There’s a scene in "The Princess of
R&B" where rising star Aaliyah (Alexandra Shipp) is being fitted for a
"new image" makeover. She vetoes all the fancy gowns in her dressing
room, claiming they don’t fit her style, and in a huff tells mentor R. Kelly
(Cle Bennett), "[They’re] so far away from who I really am, people will
think I’m fake."
Unfortunately, the same can be said of
Lifetime’s controversial biopic of the beloved R&B singer, who died tragically in a plane
crash in 2001. The movie bears little resemblance to Aaliyah’s life and career,
and tells a dissatisfying story for fans as well as general audiences.
In many ways the project is a tale of
perseverance – not of Aaliyah herself, but of a TV network determined to deliver a movie by any means necessary. What started as
an attempt to cash in on the momentum of VH1’s wildly successful TLC biopic quickly
fell apart at the seams, with casting issues, challenges with music rights and
opposition from pretty much everyone close to the singer. But the team
persisted, beyond any reasonable sign that they should do so, and what we’re
left with is a picture that fails to do the singer justice or tell a moving
Here’s a look at some of what’s missing from
the film. Call it a review if you will, but it might be more fair to say it’s
an exploration of what makes a strong musical biopic, and why this one falls
"Now let me see you go back…" Aaliyah’s family succeeded in blocking the use of most of her
music for this project, and for obvious reasons this is one of the biggest
losses of the film. It’s the point at which most filmmakers would have thrown
in the towel or majorly changed course. Not Lifetime; they dug into the great
big box of forgotten Aaliyah covers and ballads and strung together a handful
of songs that no one really remembers Aaliyah singing. Recall the number she
performed at the ’98 Oscars? Me neither. Sadly this is a musical film that most
audiences won’t sing along to, because no matter what their favorite Aaliyah
hit is, chances are, it isn’t there.
Soul. Speaking of singing, there’s a
reason that the vocal stylings of lead actress Alexandra Shipp weren’t featured
in the trailers for this movie. Shipp is a bright and energetic actor, but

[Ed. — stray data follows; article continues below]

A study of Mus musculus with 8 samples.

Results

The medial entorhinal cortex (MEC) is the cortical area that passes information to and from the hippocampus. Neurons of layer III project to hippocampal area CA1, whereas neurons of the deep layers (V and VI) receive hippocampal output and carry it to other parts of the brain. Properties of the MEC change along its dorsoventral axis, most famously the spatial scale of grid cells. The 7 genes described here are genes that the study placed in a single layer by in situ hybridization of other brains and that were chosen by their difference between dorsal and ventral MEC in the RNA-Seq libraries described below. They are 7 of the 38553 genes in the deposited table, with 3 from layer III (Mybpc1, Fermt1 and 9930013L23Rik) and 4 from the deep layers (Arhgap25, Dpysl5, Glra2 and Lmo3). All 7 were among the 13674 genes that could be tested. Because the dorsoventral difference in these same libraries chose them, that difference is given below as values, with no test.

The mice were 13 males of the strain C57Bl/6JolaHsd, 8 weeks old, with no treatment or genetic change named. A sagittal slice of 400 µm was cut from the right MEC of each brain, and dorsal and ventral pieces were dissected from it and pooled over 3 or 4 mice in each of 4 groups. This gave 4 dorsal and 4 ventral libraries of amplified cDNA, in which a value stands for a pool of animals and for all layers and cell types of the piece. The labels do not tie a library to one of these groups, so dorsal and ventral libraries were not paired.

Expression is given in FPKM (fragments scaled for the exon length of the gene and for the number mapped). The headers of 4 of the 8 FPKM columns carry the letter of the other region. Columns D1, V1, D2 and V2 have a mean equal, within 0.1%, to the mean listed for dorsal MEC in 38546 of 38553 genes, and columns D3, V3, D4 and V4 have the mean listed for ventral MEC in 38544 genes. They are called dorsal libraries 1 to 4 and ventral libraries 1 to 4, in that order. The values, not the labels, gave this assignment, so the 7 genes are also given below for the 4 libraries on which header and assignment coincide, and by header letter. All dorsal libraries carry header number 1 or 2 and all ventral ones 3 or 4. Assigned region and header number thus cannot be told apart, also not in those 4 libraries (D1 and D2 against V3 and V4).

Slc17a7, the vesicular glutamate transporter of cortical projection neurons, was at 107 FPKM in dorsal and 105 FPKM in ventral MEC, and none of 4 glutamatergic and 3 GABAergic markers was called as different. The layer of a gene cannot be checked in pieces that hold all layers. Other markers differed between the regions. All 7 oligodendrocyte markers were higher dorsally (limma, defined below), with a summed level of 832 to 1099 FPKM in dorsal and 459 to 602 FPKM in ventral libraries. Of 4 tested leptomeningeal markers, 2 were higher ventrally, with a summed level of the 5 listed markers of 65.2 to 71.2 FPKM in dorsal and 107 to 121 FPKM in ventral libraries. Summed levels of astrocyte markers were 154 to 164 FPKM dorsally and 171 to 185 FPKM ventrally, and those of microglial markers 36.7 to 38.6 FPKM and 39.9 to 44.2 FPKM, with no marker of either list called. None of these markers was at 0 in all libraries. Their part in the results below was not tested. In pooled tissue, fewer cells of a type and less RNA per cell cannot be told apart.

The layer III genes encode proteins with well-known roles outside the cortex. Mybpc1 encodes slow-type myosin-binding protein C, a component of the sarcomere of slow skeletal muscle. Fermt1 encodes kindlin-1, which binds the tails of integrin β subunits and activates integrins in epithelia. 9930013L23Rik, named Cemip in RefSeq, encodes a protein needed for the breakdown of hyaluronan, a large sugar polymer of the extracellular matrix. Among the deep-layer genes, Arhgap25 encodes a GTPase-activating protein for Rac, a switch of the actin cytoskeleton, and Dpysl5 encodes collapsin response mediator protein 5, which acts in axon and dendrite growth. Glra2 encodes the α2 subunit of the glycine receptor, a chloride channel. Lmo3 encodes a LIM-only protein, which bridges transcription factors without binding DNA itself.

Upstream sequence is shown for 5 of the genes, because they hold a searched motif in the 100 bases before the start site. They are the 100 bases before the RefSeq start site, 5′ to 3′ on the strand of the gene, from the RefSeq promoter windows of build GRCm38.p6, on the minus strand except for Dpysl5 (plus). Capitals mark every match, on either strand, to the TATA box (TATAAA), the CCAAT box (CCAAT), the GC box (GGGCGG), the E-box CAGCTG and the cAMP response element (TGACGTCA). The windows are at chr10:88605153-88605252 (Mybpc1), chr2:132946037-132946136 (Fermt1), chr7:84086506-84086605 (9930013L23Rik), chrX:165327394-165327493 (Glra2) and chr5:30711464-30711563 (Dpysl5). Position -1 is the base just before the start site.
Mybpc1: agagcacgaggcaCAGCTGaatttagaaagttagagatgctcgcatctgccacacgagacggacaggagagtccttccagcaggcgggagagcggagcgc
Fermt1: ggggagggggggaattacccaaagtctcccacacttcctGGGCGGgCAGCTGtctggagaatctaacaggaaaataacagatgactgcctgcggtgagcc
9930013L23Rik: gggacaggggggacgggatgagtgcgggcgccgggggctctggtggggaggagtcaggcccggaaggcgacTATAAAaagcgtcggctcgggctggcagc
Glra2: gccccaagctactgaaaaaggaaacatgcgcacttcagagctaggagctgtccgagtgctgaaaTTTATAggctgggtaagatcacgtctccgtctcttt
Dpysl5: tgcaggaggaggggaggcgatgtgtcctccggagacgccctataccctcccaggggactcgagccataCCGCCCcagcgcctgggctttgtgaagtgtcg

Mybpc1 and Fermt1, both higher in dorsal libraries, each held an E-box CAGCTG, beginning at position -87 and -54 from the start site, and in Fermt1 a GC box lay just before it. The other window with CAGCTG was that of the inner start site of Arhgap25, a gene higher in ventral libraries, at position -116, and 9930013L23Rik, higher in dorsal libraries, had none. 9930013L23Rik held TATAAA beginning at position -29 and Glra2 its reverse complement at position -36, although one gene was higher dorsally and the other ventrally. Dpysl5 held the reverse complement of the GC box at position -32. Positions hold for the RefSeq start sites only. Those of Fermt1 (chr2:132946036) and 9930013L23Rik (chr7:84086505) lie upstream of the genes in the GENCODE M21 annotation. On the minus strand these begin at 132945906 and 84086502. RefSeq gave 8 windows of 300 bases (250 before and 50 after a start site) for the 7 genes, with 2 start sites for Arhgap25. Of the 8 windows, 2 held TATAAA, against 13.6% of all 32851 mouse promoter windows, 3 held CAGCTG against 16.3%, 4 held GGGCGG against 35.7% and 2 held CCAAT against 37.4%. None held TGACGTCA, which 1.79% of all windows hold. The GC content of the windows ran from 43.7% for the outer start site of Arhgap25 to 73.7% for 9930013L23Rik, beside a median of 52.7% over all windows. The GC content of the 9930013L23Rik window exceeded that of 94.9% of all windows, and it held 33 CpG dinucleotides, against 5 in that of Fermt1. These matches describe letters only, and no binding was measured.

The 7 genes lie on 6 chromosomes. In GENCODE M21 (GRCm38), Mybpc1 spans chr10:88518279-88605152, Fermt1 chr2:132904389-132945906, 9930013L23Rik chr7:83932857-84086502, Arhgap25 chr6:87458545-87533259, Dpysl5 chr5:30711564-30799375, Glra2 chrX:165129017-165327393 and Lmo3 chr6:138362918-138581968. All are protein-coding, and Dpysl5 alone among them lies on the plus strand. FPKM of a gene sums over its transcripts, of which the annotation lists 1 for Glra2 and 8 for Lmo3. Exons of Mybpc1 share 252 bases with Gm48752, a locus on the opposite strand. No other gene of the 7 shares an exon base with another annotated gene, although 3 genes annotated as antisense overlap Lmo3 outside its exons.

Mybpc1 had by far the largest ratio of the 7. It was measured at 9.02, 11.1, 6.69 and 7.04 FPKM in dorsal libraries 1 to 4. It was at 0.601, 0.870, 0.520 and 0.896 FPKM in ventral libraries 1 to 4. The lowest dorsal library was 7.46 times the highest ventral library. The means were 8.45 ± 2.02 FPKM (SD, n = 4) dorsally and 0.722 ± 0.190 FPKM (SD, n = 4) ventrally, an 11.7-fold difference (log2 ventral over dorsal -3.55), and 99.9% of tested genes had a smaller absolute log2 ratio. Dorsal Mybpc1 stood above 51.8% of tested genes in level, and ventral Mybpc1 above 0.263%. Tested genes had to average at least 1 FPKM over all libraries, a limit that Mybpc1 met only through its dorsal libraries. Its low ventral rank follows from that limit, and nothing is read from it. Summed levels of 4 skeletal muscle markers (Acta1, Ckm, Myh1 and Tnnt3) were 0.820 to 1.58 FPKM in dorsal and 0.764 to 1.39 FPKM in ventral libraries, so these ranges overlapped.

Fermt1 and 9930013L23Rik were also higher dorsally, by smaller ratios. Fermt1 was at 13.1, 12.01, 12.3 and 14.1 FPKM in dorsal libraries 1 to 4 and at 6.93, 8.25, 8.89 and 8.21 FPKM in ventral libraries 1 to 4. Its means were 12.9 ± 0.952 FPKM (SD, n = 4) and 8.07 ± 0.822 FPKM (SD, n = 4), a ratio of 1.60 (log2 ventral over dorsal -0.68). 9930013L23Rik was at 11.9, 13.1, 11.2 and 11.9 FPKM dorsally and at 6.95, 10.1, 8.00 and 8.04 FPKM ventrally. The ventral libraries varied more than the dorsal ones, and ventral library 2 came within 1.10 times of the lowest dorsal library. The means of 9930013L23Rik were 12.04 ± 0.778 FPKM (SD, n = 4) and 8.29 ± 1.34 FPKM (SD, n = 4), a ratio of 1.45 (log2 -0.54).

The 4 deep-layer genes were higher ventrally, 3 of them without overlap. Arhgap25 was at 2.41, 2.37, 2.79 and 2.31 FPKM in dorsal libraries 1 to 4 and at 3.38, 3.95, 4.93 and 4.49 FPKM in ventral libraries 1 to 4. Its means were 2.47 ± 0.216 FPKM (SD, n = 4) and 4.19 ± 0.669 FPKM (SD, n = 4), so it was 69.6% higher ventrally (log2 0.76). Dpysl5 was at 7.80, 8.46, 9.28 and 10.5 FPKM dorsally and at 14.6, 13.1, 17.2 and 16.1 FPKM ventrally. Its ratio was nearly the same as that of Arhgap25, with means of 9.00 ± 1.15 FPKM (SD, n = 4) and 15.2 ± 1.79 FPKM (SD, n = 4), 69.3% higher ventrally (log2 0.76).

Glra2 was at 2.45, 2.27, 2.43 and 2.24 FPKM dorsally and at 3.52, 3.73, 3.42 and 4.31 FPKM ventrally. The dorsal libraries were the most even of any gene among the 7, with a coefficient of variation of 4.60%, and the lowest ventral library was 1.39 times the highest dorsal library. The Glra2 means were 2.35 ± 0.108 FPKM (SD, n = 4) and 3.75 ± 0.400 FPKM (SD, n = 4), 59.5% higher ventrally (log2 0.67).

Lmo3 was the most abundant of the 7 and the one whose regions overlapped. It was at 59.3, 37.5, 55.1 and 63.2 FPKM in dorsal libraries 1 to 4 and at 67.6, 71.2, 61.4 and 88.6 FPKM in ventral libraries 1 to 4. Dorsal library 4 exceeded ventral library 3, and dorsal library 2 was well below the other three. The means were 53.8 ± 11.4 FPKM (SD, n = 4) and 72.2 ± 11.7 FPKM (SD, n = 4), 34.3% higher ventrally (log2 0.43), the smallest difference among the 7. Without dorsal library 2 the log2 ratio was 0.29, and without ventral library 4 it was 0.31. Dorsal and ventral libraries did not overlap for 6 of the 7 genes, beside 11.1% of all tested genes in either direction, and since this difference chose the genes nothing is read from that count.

she’s also from Phoenix, and it shows. There’s a noticeable lack of soul in her
singing and speaking voice, and even in her movement, which is a far cry from
the Brooklyn-born, Detroit-raised Aaliyah. There are a few cringeworthy moments
as Shipp struggles to capture Aaliyah’s sound and personality.
Depth. There was a certain level of
mystery about Aaliyah’s image. This is a singer that covered her face with
sunglasses and hairstyles so often that it led to a widespread rumor about her
having a glass eye. (Remember that eye
patch from ‘One in a Million’?) She was a private person, so it’s unsurprising
that Lifetime’s biopic shares very little about the singer that one couldn’t
learn from Wikipedia, or that fans don’t already know. The movie plays sort of
like a clip reel of career highlights – getting her record deal, performances,
interviews, a few celebrity cameos. The story is based on journalist
Christopher John Farley’s biography Aaliyah:
More Than A Woman, which is also said to be a relatively shallow look at
the singer’s life. Still, if the goal of a good biopic is to give an in-depth
view of its subject, this one doesn’t succeed.
A Solid Cast. This isn’t
news. Audiences have been complaining about this cast at every step. Aside from
Shipp, who at least bears some physical resemblance to Aaliyah, most of the
cast doesn’t look anything like the people they were meant to portray, and
unfortunately their acting isn’t any more convincing. Especially with entertainers
like Missy Elliott, Timbaland and R. Kelly, whose styles and personas are specific
and familiar to the public, the inaccuracies are glaring. At times it’s like
watching a story entirely unrelated to Aaliyah, which makes sense in light of
the fact that her family and friends weren’t involved with the film.
A Complete Story Arc. The tragedy
of Aaliyah’s life is that it was cut so short. She had only three albums and
two film roles to her credit at the time of her death, and by all accounts was
just getting started. At 22 years old, she never got to live the kind of
eventful life that a biopic would typically warrant and for this reason, one could
argue that an Aaliyah biopic shouldn’t have been made in the first place.
Besides the singer’s short-lived marriage to R. Kelly, there simply isn’t
enough drama to sustain a feature film, and this one reaches to keep it
interesting. It plays up the idea of Aaliyah as a sweet, well-adjusted young
star that everyone seemed to love, but it’s a saccharine view of her life that
fails to give deeper insight into her personality and struggles. Without much
of a story to hinge on, the film dissolves into an abrupt and sentimental
ending that will leave most audiences unsatisfied.
To call the movie a disappointment would be
to assume that there were high hopes for it in the first place. Despite a solid
team behind the scenes, including veteran producer Debra Martin Chase, talk
show host Wendy Williams and casting director Tracy "Twinkie" Bird, the
project was beset with challenges from the beginning, which unfortunately it
wasn’t able to overcome.
"Aaliyah: The Princess of R&B"
premieres on Lifetime on Saturday, November 15.